2. The Eu pokes its node in to give prisoners voting rights why don’t they poke their nose in here and allow the pride march to take place surely its a human right to hold a pride march in 2011?

  3. Dude, the EU – by which I suspect you mean the ECHR – does not need to “pole its node in” as the Hungarian court system has already intervened. Read the story.

  4. TheSuburbanBi 19 Feb 2011, 12:39pm

    In some countries pride marches have become passe and many LGBTs have even begun to look down on them in disdain, as mere commercialised caricatures of their former selves…. and they have a point.

    But it’s important to be reminded that Prides are still important and ground-breaking events for queer folk in many parts of the world. The fight to even have them is a huge effort for so many.

  5. Very good news. By persevering, the LGBT will gain acceptance.

  6. I’m guessing that I will receive all type of negative replies on this but here goes my slant on gay pride parades…

    As an “average” gay man man I can see why many GLBT folks are increasingly avoiding these “spectacles.”

    The large city in America in which I live (in California) celebrates it’s pride week in July, beginning with a parade. I confess however that as I stand and watch the parade roll by, even as a liberal minded gay man, I am somewhat taken aback by the what I am seeing.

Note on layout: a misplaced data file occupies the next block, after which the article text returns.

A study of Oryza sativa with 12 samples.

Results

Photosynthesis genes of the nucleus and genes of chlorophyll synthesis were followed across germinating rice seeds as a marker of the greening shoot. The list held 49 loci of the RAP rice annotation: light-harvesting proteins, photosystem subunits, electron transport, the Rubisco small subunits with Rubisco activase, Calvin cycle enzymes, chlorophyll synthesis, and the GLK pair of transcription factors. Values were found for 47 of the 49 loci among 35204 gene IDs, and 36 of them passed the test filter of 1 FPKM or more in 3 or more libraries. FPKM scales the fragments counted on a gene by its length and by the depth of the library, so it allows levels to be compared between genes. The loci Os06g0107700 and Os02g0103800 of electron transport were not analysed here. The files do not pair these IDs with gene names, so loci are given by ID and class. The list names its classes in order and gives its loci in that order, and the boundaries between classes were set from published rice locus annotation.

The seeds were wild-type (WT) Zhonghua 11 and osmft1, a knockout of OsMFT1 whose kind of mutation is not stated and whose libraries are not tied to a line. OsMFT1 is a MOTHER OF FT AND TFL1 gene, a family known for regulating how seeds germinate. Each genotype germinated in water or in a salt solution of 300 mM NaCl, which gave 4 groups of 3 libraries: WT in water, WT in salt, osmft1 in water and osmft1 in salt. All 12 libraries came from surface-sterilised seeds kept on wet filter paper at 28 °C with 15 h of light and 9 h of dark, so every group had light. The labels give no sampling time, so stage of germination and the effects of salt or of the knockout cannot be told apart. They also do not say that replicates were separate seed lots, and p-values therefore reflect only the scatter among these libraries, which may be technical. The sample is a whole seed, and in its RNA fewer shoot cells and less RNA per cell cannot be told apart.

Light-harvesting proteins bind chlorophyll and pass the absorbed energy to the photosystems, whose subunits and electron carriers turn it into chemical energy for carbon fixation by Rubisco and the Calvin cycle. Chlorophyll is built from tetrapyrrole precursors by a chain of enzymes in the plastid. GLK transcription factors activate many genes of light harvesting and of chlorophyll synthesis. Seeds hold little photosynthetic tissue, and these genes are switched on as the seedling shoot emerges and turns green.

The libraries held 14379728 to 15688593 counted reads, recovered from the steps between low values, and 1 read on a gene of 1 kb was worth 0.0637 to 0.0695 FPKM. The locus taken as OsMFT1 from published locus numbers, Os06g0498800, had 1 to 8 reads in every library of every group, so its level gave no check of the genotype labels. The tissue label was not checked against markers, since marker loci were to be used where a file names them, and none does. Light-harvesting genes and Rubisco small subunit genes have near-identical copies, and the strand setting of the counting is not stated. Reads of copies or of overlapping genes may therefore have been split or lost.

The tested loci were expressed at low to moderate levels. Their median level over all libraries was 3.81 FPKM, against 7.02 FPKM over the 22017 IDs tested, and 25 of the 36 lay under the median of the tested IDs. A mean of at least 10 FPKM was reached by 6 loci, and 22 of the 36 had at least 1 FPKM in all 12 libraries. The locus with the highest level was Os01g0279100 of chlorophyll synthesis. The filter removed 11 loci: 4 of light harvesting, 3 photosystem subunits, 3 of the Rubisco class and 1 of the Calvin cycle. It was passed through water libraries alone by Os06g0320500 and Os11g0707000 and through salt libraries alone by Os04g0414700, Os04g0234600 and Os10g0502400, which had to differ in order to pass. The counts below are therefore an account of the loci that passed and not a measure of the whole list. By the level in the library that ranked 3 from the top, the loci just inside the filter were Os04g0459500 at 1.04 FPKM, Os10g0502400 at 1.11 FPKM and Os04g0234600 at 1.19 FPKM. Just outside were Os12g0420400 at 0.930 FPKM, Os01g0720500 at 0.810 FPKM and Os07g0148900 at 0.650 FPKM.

I realize that pride week is a time for us to let it “all hang out” however, to much is too much. Is this what gay pride is all about? Is this how we want the world to see us as we celebrate Pride Week?

    In many of these parades the fringe element has overtaken the occasion and turned it into a display that emphasizes the over the top, dare I say carnal aspect, and lessons the accomplishments we have achieved in our movement over the last 30 years, which was what I though was the theme here.

    Let’s look inward and remember the true meaning of Gay Pride celebrations. It’s about gay PRIDE.

  7. Ah but we’re talking Hungary here. 2008 isn’t all that long ago, ya know

  8. I recall those scenes very clearly _ I was in Budapest at the time for dental treatment. I did read the story when I said it would be nice if the EU spoke to the powers that be in Hungry – LGBT do not have it easy in Hungry. I wish them well. The Eu should put pressure on the Government to allow pride to take place without any attacks.

  9. Excellent news. Makes me proud of my Hungarian roots, to hear something like this.

  10. @ gav:

    But the European Commission does put pressure on member states in these cases, it just tends to go largely unnoticed because it’s done in a classy and non-snappy way. As it always should between mature institutions.

    http://euobserver.com/843/31819

    From the above article:

    “For its part, Brussels on Tuesday fired a warning shot.

    “The European Commission has no legal authority to intervene in how member states organise public meetings. When implementing national law, member states must respect fundamental rights, including freedom of expression and assembly, as required by their own constitutional order and international obligations,” it said in a statement.”